CHAMPAIGN, Ill. — Mild temperatures in August this year in Illinois followed a heat wave in May, above-average temperatures in June and a cooler July, according to Illinois State Climatologist Trent Ford at the University of Illinois’ Illinois State Water Survey.
Rainfall in August varied across the state with near-normal precipitation for the month.
The only prolonged warm period in August was in the first week, when temperatures were 5 to 10 degrees above normal. High temperatures regularly reached into the 90s across the state, including 95 degrees at the Chicago Midway Airport.
A cold front that moved through the state around Aug. 9 brought much cooler, drier air into the region. Nighttime low temperatures in the second and third weeks of the month dipped into the 50s across Illinois.
August average temperatures ranged from the low 70s in northern Illinois to the high 70s in southern Illinois, within 1 degree of normal statewide. Overall, the preliminary statewide average August temperature was 73.8 degrees, 0.2 degrees above the 1991-2020 average.
The statewide climatological summer average temperature was 74.4 degrees, only 0.6 degrees above normal.
Total precipitation in August ranged from nearly 15 inches in parts of northwest and southeast Illinois to less than 1 inch in western Illinois.
The wettest point in the state in August was Freeport, with 14.55 inches of rain. In contrast, the driest point in the state last month was the Quincy Dam in Adams County, with only 0.41 inches of total rain.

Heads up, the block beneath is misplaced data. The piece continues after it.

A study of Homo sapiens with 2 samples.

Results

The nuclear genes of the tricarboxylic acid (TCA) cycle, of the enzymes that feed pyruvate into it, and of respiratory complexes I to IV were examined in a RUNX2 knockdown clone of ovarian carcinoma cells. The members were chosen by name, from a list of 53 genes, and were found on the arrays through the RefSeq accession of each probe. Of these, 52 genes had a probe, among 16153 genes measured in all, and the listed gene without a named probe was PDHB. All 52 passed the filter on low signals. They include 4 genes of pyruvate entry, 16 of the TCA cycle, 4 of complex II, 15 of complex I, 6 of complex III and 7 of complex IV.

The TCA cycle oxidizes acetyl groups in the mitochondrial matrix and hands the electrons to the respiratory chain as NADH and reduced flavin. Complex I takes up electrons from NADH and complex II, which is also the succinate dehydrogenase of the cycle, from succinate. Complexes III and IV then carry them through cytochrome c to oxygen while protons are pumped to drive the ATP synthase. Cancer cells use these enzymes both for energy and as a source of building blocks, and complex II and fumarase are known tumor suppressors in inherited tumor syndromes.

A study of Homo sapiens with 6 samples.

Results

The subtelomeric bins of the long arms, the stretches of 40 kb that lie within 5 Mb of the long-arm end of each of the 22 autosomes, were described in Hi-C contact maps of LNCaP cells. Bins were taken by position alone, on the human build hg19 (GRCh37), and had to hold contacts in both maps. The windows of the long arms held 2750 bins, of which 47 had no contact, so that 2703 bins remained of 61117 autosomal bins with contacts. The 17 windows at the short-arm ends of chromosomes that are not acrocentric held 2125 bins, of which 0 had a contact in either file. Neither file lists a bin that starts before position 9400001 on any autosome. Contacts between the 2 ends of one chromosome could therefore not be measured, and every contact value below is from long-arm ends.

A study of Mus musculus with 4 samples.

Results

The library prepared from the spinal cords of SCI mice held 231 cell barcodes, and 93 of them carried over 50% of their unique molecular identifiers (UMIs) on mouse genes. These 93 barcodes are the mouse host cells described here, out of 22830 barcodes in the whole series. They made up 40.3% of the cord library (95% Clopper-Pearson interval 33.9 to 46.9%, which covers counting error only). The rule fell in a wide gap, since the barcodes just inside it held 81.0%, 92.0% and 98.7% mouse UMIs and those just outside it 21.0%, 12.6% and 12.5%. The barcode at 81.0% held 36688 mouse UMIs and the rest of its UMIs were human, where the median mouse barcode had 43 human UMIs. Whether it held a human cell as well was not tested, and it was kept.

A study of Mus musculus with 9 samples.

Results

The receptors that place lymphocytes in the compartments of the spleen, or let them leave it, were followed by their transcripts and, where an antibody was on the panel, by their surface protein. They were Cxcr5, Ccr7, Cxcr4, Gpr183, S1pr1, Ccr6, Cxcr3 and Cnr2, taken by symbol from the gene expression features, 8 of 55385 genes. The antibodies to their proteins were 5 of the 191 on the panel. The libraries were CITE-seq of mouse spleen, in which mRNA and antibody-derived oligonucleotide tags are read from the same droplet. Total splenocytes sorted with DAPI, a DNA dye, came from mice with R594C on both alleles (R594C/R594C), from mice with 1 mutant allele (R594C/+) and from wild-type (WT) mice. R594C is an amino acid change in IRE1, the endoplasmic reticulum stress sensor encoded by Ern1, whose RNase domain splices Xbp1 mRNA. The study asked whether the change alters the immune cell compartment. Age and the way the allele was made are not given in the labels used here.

Rainfall in late August relieved much of the drought in east-central Illinois, where June and July rainfall deficits had exceeded 7 inches.
The exception was the Interstate 74 corridor from Champaign to McLean counties. Moderate drought in western Illinois spans from Henderson to Adams counties.
The preliminary statewide average total August precipitation was 4.10 inches, 0.45 inches above the 1991-2020 average, and the statewide total average precipitation for the summer was 12.23 inches, 0.68 inches above normal.
The most recent September outlooks from the Climate Prediction Center lean toward warmer than normal conditions in Illinois. September precipitation outlooks are less confident, with equal chances of above and below normal precipitation.
Outlooks for the entire climatological fall, September to November, continue to lean toward warmer than normal conditions across most of the United States.
La Niña conditions are favored to return this season, and Climate Prediction Center outlooks for fall lean toward the drier than normal tendency during La Niña fall seasons.